By Amy Zimmer | May 20, 2011 6:49pm | Updated on May 20, 2011 7:23pm

By Amy Zimmer

DNAinfo News Editor

UPPER EAST SIDE — No news would be good news for people living near the corner of Madison Avenue and E. 86th Street.

The residents are waging a war against a newsstand proposed for the busy corner, which they say would bring unwanted candy, soda and brightly lit advertisements to the neighborhood.

"It is not wanted, it is not needed and will not offer anything to the neighborhood that is not available within two blocks," said Patricia Yamada, 64, who has lived at 12 E. 86th St. for more than 30 years.

The building has roughly 350 apartments, 85 dogs and many kids who often take up a huge chunk of sidewalk as they're wheeled around in strollers. Residents say they also contend with tourists and school groups on their way to Central Park or Museum Mile.

The newsstand will have advertisements "lit up all the time," Yamada worried.

"H&M bikini ads are really pretty, but we don't need them here," she said. "It's a commercial thing."

Locals gathered 650 signatures on an anti-newstand petition in just three days. Angry tenants showed up en masse at a Community Board 8 meeting on Wednesday and convinced the board to vote against it.

The board's decision, however, is only advisory. The Department of Transportation gets the final say on the newsstand, and it bases its decision on technical sidewalk measurements, such as distances from hydrants and doorways.

DOT did not immediately respond for comment.

Residents also say the stand would take business away from the beloved hot dog man whose been on their corner for more than 20 years.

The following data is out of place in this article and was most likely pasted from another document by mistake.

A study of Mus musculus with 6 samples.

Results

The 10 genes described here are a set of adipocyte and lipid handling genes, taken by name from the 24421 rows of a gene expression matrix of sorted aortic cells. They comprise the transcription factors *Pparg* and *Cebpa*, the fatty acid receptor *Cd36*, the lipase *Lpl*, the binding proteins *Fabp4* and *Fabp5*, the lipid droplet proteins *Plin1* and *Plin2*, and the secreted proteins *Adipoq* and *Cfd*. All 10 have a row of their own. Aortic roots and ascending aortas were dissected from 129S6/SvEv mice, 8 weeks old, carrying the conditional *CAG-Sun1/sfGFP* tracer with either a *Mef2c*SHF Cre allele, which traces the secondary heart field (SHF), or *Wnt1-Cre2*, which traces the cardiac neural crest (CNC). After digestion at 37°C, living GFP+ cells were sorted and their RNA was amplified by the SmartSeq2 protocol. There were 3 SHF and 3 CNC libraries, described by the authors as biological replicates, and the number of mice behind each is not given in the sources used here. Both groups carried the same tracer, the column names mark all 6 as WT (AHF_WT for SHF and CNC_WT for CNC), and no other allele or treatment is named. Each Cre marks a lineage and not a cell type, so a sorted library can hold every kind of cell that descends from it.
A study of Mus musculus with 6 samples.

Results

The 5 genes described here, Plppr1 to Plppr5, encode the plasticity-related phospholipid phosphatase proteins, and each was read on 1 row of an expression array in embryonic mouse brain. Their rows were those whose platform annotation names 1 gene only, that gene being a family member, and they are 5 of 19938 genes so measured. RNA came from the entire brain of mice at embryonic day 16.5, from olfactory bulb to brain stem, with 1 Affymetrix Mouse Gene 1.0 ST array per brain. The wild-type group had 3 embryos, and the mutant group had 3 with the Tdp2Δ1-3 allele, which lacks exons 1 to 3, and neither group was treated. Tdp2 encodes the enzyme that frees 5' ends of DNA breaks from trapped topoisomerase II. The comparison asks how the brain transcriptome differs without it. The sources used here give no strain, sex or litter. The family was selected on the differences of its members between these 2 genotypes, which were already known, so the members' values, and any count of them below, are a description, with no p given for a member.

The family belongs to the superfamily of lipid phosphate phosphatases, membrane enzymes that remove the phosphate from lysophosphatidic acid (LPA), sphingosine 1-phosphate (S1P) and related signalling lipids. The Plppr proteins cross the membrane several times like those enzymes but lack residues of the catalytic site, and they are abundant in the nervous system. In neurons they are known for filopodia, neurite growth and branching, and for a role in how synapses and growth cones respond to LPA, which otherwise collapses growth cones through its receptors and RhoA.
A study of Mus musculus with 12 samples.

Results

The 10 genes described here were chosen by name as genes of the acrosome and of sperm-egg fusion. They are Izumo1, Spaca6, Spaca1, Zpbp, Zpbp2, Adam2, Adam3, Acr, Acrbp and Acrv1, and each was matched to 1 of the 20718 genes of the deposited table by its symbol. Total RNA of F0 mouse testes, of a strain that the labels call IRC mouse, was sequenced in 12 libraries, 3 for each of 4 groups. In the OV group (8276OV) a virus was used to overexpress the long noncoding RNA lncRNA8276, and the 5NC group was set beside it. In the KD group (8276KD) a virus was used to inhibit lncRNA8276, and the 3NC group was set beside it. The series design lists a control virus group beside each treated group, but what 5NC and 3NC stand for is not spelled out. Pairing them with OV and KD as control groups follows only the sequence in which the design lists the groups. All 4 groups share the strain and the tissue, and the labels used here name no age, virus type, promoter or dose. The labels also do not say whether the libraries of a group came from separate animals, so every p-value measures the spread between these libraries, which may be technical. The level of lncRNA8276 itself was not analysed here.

It would block the sight lines to Central Park as people walk from the subway and create obstacles for patients going to the block's several doctors' offices. They worried it would affect their property values.

"This newsstand just doesn't fit with our neighborhood. It's quiet and clean here," Bettina Nelson told Community Board 8. The newsstand would bring traffic, lights and those dreaded ads, she said.

Dahlia Mahdi, whose father applied to open the stand, spoke on his behalf at the community board meeting. She urged residents to give a break to her immigrant father trying to make a go of a small business.

"The bottom line is New York City is all about competition," said the 25-year-old Bronx teacher. "I haven't seen one place that doesn't have a Duane Reade across from a Rite Aid. Why can't my father have his dream?"

Hot dog vendor Naser Abouelenin, who has been on the corner just steps away from the proposed newsstand for 22 years, said the new stand would "ruin" his business by taking .

"I've spent almost half my life here," said Abouelenin, 44. "I've seen kids grow up. They call me uncle. It's not residents. It's not customers. They're family. I've had a long life on this corner. How can someone come and cut out my living like that?"

Tenants are very loyal to Abouelenin, who thwarted a car theft once and often helps residents put money in their meters, Yamada said.

Councilman Dan Garodnick wrote a letter to the DOT on Thursday calling the proposed newsstand "wholly unnecessary and even disruptive." He asked them to do a "rigorous review" of the application including pedestrian count on a day that the nearby Metropolitan Museum of Art is open.

But Madhi said her father wasn't going to give up on his dream, either.

 "We're going to fight for this," Mahdi said.